Microsofts Excel application—widely used by much of the business world—is having issues calculating numbers, but only in a dozen “very specific” use cases, according to the companys Excel blog on the Microsoft Developer Network site.
The problem was apparently introduced when Microsofts development team made changes to the Excel calculation logic in Office 2007.
The issues, according to the Redmond, Wash., software maker, are not in the calculations themselves—the result of the calculations stored in Excels memory are correct—but in the result that shows in the Excel sheet.
“Said another way, =850*77.1 will display an incorrect value, but if you then multiply the result by 2, you will get the correct answer,” wrote Microsoft team blogger David Gainer.
The Microsoft Excel team was alerted to the issue in Excel 2007—and Excel Services 2007—Sept. 24. The team explained the issue this way: Of the countless different floating point numbers Excel 2007 can store, there are six floating numbers using binary representation that cause the problem. Apparently for calculations that amount to around 65,535, Excel 2007 would return a value of 100,000 instead of 65,535.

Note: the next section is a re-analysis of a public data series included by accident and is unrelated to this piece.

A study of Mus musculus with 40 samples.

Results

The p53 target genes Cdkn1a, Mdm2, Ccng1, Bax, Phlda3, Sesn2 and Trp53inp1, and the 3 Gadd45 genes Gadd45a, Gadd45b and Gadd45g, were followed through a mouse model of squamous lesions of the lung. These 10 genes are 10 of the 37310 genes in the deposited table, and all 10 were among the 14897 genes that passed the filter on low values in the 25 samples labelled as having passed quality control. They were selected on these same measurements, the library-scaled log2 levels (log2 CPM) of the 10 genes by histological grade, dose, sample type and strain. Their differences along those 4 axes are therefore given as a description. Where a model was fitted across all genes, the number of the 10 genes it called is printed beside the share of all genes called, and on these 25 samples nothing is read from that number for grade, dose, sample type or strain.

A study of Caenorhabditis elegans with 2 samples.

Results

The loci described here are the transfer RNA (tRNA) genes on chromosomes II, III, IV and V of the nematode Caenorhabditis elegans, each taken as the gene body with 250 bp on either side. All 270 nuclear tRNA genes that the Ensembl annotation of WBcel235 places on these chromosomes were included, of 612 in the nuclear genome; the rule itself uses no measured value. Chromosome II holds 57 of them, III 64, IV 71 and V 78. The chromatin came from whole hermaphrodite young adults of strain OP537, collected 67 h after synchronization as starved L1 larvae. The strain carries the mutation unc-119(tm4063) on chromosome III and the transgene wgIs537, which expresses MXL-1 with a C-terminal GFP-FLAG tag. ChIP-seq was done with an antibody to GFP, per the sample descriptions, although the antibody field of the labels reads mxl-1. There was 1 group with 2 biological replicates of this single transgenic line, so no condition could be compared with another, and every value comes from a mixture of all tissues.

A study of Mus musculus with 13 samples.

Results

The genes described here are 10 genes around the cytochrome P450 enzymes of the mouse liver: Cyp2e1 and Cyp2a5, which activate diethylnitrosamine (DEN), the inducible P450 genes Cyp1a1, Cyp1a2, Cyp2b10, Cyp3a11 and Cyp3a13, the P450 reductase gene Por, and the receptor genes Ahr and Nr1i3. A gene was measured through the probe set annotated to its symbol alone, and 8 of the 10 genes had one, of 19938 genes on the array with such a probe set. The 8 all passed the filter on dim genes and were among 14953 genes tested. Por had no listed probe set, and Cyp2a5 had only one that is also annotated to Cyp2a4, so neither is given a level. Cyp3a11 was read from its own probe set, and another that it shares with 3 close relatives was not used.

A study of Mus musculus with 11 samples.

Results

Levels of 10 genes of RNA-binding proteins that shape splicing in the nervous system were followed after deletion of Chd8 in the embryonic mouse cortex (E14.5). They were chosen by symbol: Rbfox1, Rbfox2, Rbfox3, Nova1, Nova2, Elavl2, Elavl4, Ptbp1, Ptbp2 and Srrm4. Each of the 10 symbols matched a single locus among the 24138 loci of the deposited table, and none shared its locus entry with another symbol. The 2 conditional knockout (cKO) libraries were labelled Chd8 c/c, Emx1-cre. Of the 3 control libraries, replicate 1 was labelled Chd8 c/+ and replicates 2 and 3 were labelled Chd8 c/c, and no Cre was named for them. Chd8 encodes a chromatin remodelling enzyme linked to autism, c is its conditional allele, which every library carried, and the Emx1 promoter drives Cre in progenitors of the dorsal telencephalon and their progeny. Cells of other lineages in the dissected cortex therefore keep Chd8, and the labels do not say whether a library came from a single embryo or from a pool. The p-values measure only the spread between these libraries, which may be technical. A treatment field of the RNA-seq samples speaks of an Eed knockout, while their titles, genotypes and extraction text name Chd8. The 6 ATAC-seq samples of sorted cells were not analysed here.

As of Sept. 25, Microsoft reported that it had come up with a fix for the issue. “We take calculation in Excel very seriously and we do everything we can in order to ensure that calculation is correct for all cases,” Gainer wrote. “Weve come up with a fix for this issue and are in the final phases of a broad test pass in order to ensure that the fix works and doesnt introduce any additional issues—especially any other calculation issues.”
Before being broadly implemented, the fix needs to make its way through Microsofts build lab and onto a download site. “We expect this to happen very soon,” he wrote. “Well add another post once thats taken place with a link to the download.”
“This is an issue in a function that puts numbers in cells, so the values in Excels memory are actually correct,” he wrote. “Excel actually calculates the correct answer, … [b]ut in the function that takes that value and formats it to be displayed on the screen … there is a bug. Any calculations based off that cell will be accurate too.”
One blog commenter mentioned that the issue can also be found in Visual Studio 2005. Microsoft has not confirmed any issues there.